Stobart-owned business WS Transportation fined £27,000 for breaking STGO regulations

Chris Tindall
September 18, 2019

Stobart-owned business WS Transportation has been described in court as “reckless” after it transported a crane using a trailer with axles not designed to carry the heavy load.

On Wednesday (11 September) the Runcorn company, whose directors are Edward Stobart and William Stobart, were fined £27,000 for breaking STGO regulations.

The prosecution came as the DVSA warned heavy haulage operators to follow the law or expect to be taken to court.

It said overloading and using the wrong vehicles and trailers to transport abnormal loads presented a real danger to the public and undercut lawful operators.

According to the DVSA, WS Transportation used a trailer with compensating axles that exceeded construction use weight by 75% (17,950kg).

The tyres fitted to the trailer had insufficient load rating, causing the twin trailer tyres to rub together.

The design weight of the three trailer compensating axles at 40mph was 33,000kg and this was exceeded by 27%.

The DVSA said the movement order declared to the authorities [stated] that the three trailer axles combined were not exceeding 30,000kg, but in fact they weighed 40% (11,950kg) over the declared weight.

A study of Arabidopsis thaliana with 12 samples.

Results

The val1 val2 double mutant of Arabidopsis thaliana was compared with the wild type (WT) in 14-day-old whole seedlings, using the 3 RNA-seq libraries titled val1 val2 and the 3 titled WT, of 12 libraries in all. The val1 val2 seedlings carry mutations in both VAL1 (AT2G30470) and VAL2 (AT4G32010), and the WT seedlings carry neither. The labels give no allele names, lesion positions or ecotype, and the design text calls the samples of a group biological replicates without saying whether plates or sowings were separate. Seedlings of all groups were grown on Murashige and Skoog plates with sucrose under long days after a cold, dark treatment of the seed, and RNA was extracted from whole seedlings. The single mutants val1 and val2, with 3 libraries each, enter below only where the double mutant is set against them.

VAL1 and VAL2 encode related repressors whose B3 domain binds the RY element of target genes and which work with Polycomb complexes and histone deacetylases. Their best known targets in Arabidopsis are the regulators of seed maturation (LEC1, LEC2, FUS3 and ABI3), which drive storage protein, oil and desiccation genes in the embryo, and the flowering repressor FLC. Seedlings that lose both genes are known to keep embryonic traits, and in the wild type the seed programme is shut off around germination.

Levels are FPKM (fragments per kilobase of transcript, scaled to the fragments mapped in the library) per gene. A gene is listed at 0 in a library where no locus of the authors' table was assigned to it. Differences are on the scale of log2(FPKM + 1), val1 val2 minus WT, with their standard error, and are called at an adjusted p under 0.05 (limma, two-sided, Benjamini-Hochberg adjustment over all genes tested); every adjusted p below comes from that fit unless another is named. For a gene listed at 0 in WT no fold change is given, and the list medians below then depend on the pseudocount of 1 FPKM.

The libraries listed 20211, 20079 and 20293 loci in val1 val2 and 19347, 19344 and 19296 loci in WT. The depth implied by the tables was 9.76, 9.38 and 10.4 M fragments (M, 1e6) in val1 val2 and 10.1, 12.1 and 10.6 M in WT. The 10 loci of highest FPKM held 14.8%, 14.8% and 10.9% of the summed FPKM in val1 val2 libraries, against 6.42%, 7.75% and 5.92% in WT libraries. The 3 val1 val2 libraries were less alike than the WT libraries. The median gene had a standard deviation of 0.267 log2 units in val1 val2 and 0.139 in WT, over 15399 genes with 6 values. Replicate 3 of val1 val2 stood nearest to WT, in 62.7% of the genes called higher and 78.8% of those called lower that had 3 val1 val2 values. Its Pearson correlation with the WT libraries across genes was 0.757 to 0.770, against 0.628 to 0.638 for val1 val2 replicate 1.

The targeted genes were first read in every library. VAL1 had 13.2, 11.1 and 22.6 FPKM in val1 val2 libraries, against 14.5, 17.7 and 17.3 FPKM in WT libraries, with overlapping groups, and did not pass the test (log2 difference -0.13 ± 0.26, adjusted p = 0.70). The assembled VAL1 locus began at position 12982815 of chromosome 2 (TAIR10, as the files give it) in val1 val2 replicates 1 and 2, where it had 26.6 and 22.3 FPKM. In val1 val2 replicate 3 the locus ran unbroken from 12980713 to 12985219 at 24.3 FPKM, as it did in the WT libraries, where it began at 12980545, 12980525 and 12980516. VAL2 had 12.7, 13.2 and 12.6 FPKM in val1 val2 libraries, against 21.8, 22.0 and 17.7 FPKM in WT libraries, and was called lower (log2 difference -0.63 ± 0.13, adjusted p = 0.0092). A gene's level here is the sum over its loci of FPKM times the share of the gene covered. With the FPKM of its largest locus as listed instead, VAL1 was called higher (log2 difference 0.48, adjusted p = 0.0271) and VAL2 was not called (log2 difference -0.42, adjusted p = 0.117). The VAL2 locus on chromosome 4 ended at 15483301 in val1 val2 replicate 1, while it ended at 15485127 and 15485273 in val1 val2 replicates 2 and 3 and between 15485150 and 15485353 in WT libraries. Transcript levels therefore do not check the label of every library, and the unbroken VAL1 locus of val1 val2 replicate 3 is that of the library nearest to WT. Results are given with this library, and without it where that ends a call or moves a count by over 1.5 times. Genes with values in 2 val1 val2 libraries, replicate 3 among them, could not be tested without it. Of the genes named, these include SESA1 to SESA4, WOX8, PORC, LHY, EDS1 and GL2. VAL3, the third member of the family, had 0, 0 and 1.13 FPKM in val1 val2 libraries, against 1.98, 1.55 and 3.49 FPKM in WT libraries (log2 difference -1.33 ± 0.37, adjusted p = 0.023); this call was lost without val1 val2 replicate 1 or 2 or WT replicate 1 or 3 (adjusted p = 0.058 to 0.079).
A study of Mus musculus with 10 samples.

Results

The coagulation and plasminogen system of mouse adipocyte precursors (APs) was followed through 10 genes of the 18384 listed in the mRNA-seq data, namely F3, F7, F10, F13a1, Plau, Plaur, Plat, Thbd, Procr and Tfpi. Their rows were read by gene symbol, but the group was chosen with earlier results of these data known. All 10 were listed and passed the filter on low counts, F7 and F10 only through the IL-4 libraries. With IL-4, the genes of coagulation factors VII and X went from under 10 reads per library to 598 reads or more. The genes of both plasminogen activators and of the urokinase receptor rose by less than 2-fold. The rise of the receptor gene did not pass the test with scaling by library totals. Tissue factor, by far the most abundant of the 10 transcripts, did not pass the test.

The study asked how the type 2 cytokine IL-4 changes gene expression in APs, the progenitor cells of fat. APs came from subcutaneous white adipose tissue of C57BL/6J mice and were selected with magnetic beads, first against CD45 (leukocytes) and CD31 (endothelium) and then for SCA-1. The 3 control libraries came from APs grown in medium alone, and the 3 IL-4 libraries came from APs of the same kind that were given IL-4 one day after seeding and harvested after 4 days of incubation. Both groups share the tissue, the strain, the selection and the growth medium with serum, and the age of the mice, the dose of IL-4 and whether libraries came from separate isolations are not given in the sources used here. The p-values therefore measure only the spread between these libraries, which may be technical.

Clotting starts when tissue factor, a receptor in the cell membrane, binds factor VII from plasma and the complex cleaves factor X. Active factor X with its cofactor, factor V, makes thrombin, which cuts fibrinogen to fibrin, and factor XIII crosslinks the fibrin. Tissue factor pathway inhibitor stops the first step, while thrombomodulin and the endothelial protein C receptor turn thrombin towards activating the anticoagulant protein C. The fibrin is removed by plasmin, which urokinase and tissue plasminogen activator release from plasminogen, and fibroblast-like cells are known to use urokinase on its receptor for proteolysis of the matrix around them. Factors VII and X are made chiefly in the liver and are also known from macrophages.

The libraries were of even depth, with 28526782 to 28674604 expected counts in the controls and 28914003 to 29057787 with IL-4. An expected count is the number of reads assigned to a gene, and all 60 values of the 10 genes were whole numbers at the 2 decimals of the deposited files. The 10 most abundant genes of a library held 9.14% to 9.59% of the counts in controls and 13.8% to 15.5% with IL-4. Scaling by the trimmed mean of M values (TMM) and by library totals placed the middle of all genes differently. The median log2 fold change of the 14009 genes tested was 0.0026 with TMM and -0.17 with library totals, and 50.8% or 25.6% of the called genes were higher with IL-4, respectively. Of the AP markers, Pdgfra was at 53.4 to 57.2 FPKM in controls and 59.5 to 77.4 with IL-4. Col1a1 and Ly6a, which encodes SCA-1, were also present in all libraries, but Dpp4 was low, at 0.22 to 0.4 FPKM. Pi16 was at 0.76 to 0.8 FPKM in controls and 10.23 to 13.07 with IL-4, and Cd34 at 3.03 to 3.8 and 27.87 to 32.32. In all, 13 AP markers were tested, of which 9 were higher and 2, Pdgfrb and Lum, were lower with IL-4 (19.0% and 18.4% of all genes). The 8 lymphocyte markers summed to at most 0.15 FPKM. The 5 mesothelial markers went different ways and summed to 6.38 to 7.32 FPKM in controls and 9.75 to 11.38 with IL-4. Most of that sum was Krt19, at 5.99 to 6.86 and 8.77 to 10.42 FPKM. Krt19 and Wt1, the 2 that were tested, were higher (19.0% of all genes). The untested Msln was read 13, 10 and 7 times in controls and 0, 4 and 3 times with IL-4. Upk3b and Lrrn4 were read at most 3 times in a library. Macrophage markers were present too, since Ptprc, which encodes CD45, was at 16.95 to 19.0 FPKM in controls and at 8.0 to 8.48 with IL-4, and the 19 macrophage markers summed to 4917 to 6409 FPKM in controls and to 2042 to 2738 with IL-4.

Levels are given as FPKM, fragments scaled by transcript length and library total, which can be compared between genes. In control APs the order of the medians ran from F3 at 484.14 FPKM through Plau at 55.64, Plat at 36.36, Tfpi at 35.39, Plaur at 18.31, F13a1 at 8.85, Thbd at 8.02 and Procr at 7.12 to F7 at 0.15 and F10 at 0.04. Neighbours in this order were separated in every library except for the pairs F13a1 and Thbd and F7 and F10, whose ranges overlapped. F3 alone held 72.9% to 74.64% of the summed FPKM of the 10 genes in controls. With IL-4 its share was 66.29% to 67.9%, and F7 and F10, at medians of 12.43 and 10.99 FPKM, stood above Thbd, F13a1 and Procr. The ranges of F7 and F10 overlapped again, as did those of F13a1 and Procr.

The case follows two other recent prosecutions; Metcalfe Farms Haulage in Leyburn was fined £10,000 in June for overloading a HIAB crane articulated vehicle and not complying with STGO regulations.

Smiths (Gloucester) appeared at Swindon Magistrates’ Court in May and was fined £40,000 for overloading a vehicle and breaking its design weight and not complying with the regulations.

Marian Kitson, DVSA director of enforcement said: “Lorries have a maximum load weight for a reason. Operators and drivers are putting the public in serious danger by overloading them.

“Overloaded brakes and tyres don’t work properly, and the results can be catastrophic. That’s why we won’t hesitate in prosecuting those who put people’s lives at risk and undercut responsible operators.”

The DVSA said it would refer cases to the traffic commissioners where operators have been found not to be complying with the regulations.

About the Author


Chris Tindall started writing for the haulage and logistics industry in 2002 and has covered a broad range of significant issues, including GPS jamming by criminals, platooning and Brexit.